Scientific American published an article Monday claiming that climate change is to blame for the ongoing Oroville Dam crisis, due to engineering calculations made that did not anticipate global warming.
The author, Jane Braxton Little, argues:
The dam was built in the 1960s when temperatures were cooler and more precipitation was stored in a greater snowpack in the mountains of the Feather River watershed, which drains into Lake Oroville. Today warming temperatures are bringing more rain as well as melting the Sierra Nevada snowpack earlier in the spring.
Little notes that two California counties surrounding Lake Oroville, Butte and Plumas, challenged the state’s environmental review of the dam in 2008, arguing the state “recklessly failed” to account properly for climate change in its long-term dam management plan.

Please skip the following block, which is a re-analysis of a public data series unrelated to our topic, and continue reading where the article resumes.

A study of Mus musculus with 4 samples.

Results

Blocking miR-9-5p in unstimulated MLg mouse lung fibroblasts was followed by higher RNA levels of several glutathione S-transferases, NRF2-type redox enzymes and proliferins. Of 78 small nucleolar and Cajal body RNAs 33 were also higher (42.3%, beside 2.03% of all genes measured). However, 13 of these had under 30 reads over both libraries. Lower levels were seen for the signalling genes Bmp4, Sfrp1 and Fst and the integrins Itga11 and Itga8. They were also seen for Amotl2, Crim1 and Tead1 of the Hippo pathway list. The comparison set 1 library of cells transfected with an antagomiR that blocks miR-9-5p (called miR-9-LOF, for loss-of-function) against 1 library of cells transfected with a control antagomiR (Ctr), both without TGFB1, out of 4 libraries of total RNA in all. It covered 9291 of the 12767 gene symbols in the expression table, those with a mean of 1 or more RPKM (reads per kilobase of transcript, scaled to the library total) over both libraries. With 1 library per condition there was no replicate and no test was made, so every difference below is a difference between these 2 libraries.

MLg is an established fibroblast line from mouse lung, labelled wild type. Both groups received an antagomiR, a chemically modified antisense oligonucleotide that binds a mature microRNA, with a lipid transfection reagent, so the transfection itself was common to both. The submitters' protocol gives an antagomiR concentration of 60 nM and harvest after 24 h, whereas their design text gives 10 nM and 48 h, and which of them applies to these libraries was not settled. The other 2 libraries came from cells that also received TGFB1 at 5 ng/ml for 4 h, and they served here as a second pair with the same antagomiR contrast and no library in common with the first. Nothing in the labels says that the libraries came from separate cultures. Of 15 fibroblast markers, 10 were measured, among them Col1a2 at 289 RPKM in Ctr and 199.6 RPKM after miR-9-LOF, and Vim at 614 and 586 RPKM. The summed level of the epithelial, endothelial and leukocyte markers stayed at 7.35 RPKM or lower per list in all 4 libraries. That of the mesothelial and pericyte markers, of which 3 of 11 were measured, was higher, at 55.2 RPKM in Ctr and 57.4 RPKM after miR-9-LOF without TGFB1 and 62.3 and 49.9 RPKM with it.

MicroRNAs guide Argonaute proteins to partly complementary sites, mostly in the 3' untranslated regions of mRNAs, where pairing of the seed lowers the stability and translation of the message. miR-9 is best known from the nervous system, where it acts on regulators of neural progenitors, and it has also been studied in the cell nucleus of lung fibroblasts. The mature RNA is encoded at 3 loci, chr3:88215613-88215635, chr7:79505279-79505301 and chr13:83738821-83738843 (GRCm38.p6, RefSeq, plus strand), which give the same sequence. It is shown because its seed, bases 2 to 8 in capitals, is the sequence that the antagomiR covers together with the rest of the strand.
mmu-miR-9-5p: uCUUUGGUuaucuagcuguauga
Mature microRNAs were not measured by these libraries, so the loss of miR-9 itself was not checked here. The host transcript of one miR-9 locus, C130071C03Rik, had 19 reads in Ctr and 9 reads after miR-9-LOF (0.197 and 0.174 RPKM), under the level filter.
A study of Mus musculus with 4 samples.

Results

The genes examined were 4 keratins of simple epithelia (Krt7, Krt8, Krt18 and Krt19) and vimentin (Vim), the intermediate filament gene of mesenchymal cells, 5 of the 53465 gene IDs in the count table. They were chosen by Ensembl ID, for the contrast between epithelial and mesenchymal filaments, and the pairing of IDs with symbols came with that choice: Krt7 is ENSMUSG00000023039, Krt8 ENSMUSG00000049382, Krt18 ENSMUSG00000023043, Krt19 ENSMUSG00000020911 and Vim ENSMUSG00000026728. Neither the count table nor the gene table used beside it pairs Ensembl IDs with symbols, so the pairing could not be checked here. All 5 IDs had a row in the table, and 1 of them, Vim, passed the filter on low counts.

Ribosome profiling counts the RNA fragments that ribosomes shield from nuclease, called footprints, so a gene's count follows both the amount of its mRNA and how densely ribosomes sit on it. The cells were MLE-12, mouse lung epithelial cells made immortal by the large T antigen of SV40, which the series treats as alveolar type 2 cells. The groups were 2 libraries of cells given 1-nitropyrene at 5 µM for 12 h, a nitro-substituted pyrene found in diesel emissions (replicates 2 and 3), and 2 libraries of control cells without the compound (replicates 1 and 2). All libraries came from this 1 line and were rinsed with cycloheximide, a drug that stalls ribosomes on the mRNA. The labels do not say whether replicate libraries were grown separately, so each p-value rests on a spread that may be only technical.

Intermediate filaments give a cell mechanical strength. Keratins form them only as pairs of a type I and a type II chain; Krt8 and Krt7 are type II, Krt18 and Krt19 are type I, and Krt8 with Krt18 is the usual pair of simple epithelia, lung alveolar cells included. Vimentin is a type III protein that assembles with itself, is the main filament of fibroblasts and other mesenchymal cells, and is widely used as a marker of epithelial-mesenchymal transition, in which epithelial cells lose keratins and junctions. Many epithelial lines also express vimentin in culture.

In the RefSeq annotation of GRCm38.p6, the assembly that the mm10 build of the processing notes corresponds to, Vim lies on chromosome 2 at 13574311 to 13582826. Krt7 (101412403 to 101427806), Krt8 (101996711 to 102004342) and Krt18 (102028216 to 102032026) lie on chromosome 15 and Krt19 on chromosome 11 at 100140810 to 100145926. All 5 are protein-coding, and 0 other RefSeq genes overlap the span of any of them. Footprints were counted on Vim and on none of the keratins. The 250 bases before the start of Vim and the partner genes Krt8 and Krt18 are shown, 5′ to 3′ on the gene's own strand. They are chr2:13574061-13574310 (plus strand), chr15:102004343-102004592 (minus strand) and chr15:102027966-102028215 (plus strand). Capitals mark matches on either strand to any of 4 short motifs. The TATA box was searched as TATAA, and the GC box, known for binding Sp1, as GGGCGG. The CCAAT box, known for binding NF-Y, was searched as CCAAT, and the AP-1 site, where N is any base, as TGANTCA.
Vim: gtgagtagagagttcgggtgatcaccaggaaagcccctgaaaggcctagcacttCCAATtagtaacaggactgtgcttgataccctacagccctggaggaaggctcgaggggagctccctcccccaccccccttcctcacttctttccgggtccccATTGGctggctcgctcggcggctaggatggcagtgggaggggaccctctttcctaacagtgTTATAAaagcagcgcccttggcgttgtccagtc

The attorneys in the lawsuit predicted a faster flow of water downhill. “That’s exactly what happened a week ago, leading to the crater,” Little concludes, offering no scientific basis for her conclusion.
At the time of the lawsuit, attorneys for the California Department of Water Resources (which owns the dam) argued that the counties’ speculation about climate change speculation was “too speculative” to warrant inclusion in their review, Little notes.
Similarly, climate scientists themselves have refused to link recent forest fires in California to climate change — contradicting Governor Jerry Brown himself.
This brings the entire debate full circle. The Oroville Dam — and almost 1500 other dams — are not in jeopardy because of climate change. Rather, they are in jeopardy because of policy decisions made by those in charge — Democrats, for the past decade — to ignore tcritical infrastructure in favor of pandering to groups who could guarantee their reelection for decades.
In the end, the politicians chose illegal aliens, powerful public sector unions and the environmental lobby over dams and infrastructure.
Tim Donnelly is a former California State Assemblyman.